A U.S. federal court judge on May 21 denied a request from Native American tribes to shut the Dakota Access oil pipeline after a key environmental permit was scrapped last year, arguing the tribes had failed to prove the line's continued operation would cause irreversible harm.

The 570,000 bbl/d pipeline out of North Dakota that travels under a Missouri River reservoir is now likely to stay running at least until a new federal environmental review is completed next year.

The pipeline’s continued operation provides some clarity to market participants after months of uncertainty. A closure of the pipeline threatened to roil oil markets and create congestion on rail lines out of the region.

The pipeline, operated by Dallas-based Energy Transfer LP, entered service in 2017 following months of protests by environmentalists, Native American tribes and their supporters. The pipeline's opponents said its construction destroyed sacred artifacts and posed a threat to Lake Oahe, a critical drinking supply, and the greater Missouri River.

Washington-based U.S. District Judge James Boasberg denied a request for an injunction to shut the pipeline and ordered the parties in the case to file a joint status report by June 11 on potential next steps. The judge said the tribes did not clear the “daunting hurdle” of proving that keeping the line open would create irreparable injury.

The U.S. Army Corps of Engineers is expected to complete its review of the pipeline in March 2022.

Operators of the pipeline, including Energy Transfer, have argued that it has complied with regulatory and safety requirements.

Boasberg last year handed a setback to the pipeline’s proponents by stripping it of its permit to cross under Lake Oahe and requiring that portion of the pipeline to undergo an environmental review.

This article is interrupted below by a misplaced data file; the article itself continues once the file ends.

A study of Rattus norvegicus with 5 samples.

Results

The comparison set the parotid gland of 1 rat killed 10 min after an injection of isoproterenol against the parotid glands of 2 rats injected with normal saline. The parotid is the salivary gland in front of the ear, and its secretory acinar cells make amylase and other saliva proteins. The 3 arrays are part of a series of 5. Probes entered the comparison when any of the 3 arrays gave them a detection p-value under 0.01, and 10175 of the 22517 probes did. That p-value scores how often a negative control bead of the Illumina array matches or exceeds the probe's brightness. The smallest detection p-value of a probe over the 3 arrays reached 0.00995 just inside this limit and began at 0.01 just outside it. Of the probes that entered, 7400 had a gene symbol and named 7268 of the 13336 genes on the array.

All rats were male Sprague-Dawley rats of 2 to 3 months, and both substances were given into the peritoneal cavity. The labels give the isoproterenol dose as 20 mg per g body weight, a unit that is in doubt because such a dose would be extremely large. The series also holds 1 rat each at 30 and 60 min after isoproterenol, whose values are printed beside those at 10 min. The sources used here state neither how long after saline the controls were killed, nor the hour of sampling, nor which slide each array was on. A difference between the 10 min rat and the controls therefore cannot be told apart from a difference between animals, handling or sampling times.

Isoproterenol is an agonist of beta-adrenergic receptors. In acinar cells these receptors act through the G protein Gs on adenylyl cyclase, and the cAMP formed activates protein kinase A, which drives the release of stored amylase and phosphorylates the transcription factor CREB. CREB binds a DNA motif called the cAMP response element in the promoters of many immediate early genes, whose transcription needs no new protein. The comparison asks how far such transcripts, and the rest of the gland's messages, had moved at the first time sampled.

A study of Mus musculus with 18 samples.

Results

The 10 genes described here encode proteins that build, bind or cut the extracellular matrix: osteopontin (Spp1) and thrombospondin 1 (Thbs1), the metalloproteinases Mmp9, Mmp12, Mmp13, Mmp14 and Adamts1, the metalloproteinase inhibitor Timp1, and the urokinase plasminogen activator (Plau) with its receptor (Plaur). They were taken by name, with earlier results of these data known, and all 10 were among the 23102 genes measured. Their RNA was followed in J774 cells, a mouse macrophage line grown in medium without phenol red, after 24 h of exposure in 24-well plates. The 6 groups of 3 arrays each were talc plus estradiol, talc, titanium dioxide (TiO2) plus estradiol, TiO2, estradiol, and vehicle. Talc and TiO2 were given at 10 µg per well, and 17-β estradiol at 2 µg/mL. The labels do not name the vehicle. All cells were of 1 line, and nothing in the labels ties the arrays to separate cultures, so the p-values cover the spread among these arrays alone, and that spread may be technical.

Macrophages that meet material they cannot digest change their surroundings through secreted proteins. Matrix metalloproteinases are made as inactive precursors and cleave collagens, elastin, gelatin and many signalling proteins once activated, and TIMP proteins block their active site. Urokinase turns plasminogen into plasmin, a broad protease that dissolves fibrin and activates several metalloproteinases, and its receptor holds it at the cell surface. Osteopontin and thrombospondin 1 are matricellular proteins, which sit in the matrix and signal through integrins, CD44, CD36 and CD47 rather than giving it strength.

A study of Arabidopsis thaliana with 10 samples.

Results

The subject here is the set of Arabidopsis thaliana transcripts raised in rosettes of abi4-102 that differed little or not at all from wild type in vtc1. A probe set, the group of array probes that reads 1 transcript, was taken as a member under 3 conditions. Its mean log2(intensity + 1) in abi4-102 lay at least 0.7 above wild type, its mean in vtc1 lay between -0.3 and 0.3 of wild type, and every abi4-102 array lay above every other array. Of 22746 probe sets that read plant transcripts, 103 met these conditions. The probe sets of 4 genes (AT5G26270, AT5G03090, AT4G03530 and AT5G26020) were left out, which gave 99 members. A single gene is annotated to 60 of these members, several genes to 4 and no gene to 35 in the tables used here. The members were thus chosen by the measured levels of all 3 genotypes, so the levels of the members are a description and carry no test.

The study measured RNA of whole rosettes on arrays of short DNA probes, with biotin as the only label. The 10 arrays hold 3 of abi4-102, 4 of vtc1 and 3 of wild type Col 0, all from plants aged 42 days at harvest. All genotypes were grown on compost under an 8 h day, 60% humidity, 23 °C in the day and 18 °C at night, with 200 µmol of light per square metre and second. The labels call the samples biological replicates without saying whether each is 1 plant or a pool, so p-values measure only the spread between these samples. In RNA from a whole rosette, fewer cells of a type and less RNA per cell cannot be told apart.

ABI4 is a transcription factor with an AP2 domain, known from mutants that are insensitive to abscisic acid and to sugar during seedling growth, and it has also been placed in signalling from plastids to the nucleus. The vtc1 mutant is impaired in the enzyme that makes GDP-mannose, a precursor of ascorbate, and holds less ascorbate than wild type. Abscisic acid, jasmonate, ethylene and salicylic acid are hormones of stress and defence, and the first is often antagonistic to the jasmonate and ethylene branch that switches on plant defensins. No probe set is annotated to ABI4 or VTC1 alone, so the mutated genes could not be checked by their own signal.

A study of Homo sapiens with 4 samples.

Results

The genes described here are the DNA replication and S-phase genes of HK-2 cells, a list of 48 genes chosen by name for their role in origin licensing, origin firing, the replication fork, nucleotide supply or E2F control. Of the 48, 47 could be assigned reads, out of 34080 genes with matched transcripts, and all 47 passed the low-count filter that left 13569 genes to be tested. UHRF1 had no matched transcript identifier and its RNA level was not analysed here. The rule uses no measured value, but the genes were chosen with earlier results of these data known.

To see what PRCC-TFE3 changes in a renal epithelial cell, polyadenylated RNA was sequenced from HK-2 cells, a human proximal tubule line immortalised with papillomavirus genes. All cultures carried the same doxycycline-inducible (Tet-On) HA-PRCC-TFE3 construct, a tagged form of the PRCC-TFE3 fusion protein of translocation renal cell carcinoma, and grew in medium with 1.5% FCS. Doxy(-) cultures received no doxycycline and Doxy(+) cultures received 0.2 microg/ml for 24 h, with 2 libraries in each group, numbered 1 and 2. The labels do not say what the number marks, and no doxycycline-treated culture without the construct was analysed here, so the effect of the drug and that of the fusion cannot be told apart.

“The Court acknowledges the Tribes' plight, as well as their understandable frustration with a political process in which they all too often seem to come up just short,” Boasberg wrote in his decision on May 21.

Energy Transfer did not immediately respond to a request for comment.

“We believe the Dakota Access Pipeline is too dangerous to operate and should be shuttered while environmental and safety implications are studied—but despite our best efforts, today’s injunction was not granted,” the group Earthjustice, which represents the Standing Rock Sioux tribe in the lawsuit, said in a statement on May 21.

“The unacceptable risk of an oil spill, impacts to Tribal sovereignty and harm to drinking water supply must all be examined thoroughly in the months ahead as the U.S. Army Corps conducts its review of this pipeline,” Earthjustice added.

Shares of Energy Transfer were up 1.4% to $10.16 following the ruling while shares of Phillips 66 Partners, which has a stake in the pipeline, rose more than 6%.

Shares of Bakken-focused producers, which would rely on the line, also rose on the news. Oasis Petroleum Inc. was up 6.8% to $85.41, while Continental Resources Inc. was up 2.5% to $30.80.

A coalition of businesses, trade associations and labor groups called Grow America’s Infrastructure Now (GAIN) applauded the court's decision.

“We continue to believe that if the government and the courts make their decisions based on the facts—not politics—DAPL will be allowed to remain operational,” Craig Stevens, spokesman for the GAIN Coalition, using the abbreviation for the Dakota Access pipeline.

“We hope that the administrative process is allowed to move forward, allowing the Army Corps of Engineers to complete its work—free of political pressure,” he added.